IFAS | Freedom Writer | January 1994 | cnp.html

Council for National Policy members
hold cloistered session in Saint Louis

Over 200 members of the secretive Council for National Policy (CNP) held closed-door meetings at the Hyatt Regency in St. Louis on October 22 and 23, 1993. Founded in 1981, the CNP membership is a virtual who's who of the religious and political right-wing in the United States. The CNP exists as a networking vehicle for right-wing leadership. CNP meetings enable members to become acquainted with one another and to plan short- and long-term strategies.

At the October meeting, CNP members discussed the implementation of "school choice" as a mechanism for the elimination of public education. It was reported that CNP member the Rev. Duane Motley, executive director of New Yorkers for Constitutional Freedoms (NYCF), told the audience that his group is organizing churches in New York State. Motley received an enthusiastic response from his fellow CNP members when he informed them that he has organized more than 130 churches, which are providing a monthly stipend for NYCF's lobbying efforts in Albany, New York.

Morton Blackwell, CNP's executive director, said that rules governing the meetings are designed to "allow open, uninhibited remarks from our speakers." CNP meetings are closed to the media and general public. The group makes every effort to avoid letting the media know when or where it meets or who participates in its programs. Any members desiring to bring guests may only do so with the advanced, unanimous approval from CNP's Executive Committee. The CNP membership list is strictly confidential. To encourage openness, it is the group's policy that speakers' remarks at Council meetings are off the record and not for circulation.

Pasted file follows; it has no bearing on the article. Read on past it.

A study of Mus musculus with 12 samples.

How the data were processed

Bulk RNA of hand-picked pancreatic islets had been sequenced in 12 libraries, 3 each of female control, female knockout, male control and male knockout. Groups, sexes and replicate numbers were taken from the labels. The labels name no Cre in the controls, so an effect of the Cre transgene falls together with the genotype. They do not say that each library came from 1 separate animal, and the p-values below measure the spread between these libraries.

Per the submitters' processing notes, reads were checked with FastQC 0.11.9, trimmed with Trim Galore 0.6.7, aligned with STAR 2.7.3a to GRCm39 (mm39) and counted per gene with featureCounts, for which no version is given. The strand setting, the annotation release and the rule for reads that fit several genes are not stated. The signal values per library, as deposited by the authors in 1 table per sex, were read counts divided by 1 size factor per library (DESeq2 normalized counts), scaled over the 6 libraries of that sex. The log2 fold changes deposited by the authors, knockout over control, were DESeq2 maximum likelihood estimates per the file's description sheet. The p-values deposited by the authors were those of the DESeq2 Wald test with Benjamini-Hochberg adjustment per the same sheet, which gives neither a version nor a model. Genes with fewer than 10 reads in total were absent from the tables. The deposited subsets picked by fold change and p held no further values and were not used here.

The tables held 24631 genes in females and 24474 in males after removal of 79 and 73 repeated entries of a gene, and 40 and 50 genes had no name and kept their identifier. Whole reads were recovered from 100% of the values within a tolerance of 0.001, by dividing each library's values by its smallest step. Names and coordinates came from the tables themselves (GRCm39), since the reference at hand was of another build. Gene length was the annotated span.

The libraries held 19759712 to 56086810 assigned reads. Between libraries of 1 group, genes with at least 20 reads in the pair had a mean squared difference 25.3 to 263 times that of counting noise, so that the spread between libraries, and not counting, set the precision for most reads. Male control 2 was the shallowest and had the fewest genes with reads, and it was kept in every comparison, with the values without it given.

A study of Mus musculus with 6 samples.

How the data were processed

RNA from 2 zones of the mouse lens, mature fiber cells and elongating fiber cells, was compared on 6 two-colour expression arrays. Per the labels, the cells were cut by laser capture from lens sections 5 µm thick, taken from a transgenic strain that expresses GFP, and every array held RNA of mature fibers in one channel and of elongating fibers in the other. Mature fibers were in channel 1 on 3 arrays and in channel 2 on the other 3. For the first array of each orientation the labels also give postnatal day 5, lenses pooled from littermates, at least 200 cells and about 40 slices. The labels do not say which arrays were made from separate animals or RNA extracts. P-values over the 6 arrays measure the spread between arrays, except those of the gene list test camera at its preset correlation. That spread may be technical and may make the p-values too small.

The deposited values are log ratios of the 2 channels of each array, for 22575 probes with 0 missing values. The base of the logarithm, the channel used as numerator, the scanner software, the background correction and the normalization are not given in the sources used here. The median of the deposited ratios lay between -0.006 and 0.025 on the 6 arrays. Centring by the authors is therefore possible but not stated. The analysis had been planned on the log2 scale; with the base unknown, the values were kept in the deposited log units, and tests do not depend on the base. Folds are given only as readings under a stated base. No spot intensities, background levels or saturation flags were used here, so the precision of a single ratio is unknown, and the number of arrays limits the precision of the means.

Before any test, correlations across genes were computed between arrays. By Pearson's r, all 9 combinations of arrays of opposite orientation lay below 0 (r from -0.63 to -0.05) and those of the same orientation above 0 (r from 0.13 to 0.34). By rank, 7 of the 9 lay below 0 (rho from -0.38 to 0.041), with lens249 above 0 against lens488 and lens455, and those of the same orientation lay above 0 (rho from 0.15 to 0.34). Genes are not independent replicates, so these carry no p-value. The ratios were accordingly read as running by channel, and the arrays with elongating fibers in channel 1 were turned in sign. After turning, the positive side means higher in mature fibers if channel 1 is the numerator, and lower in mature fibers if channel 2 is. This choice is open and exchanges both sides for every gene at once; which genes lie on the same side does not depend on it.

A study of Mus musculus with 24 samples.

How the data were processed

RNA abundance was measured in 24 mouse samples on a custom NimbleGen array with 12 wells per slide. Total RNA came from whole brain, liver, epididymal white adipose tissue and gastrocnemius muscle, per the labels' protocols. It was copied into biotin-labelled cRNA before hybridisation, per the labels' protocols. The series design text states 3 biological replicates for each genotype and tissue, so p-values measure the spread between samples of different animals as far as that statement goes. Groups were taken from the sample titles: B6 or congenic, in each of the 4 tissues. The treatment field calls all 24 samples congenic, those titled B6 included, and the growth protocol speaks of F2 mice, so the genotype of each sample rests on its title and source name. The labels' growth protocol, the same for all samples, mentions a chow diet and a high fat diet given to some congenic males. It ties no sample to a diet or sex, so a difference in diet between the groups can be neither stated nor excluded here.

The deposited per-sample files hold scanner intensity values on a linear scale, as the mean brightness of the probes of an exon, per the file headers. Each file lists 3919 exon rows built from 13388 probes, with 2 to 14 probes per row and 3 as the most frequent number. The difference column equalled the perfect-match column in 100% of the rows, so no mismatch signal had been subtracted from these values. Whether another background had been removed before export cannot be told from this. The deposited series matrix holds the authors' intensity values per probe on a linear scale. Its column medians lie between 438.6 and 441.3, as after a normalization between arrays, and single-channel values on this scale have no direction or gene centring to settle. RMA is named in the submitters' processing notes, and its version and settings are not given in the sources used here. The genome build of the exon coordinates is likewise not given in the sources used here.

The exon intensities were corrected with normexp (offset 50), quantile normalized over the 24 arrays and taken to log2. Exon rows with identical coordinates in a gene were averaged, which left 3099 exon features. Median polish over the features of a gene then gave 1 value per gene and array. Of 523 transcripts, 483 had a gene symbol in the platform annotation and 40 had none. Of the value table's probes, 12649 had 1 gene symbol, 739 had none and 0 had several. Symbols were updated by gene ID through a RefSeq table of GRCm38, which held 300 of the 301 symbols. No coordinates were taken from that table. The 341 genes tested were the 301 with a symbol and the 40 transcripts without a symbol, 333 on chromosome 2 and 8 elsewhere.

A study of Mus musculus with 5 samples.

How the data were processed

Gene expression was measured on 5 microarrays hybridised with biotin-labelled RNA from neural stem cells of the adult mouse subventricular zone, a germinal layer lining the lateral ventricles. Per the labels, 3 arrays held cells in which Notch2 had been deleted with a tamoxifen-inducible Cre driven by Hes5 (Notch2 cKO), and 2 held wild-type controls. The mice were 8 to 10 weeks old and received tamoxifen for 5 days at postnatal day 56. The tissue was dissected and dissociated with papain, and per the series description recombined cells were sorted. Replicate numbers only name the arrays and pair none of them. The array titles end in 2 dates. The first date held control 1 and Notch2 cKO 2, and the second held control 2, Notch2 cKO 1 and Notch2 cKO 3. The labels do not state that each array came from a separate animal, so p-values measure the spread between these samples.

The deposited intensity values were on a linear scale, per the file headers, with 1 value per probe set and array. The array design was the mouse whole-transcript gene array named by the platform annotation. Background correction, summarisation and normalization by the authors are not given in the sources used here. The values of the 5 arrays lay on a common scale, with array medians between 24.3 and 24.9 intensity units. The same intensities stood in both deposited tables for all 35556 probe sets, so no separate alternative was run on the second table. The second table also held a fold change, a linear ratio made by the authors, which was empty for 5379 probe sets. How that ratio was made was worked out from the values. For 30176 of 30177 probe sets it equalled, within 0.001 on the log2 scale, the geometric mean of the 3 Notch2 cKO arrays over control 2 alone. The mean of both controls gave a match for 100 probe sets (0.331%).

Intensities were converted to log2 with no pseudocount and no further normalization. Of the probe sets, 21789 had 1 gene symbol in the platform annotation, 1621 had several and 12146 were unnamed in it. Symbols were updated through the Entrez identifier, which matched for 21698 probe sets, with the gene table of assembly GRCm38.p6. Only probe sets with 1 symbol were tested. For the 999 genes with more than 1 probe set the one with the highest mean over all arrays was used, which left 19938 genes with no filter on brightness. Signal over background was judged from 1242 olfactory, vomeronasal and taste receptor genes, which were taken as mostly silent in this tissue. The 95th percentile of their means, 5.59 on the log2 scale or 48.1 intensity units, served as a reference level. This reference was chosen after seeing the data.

Indeed, members do speak freely. One CNP member was overheard using racist and anti-Semitic language, making references to "Jew-boy" and "nigger."

Judy Brown, president of the American Life League, was welcomed as a new member. Other recent new members include: Barbara Alby, John Ankerberg, Lee LaHaye, Edward G. Atsinger III, Benjamin Bull, and Ralph Reed. Alby is a California Assemblywoman. Ankerberg is a television evangelist. LaHaye, the son of the Rev. Tim and Beverly LaHaye, is comptroller of Concerned Women for America. Atsinger is president of Salem Communications (which recently purchased Pat Robertson's CBN radio network). Bull is senior litigation counsel for Pat Robertson's American Center for Law and Justice's western regional office in Phoenix. He was formerly general counsel of Rev. Don Willdmon's American Family Association and Charles H Keating's Citizen's for Decency through Law. Reed is executive director of Pat Robertson's Christian Coalition.

With about 205 in attendance at the gala dinner, the seating arrangements placed Ralph Reed and his wife Jo Anne, with Linda Bean Folkers (L.L. Bean board member), state director of the Christian Coalition of Maine. Paul Weyrich, of the Free Congress Foundation, and Network Empowerment Television, joined Holly Coors, vice chairman of A Christian Ministry in the National Parks, and board member of the Adolf Coors Foundation, at another table.

Former Attorney General Edwin Meese III is the CNP's current president. Past presidents include: Rich DeVoss of the Amway Corporation, Pat Robertson, and the Rev. Tim LaHaye.

Informed sources told The Freedom Writer that the 1994 CNP meetings are set for February 4 and 5 in Palm Beach, Florida; May 6 and 7 in Arlington, Virginia; and November 18 and 19 in New Orleans.

© 1998 Institute for First Amendment Studies, Inc.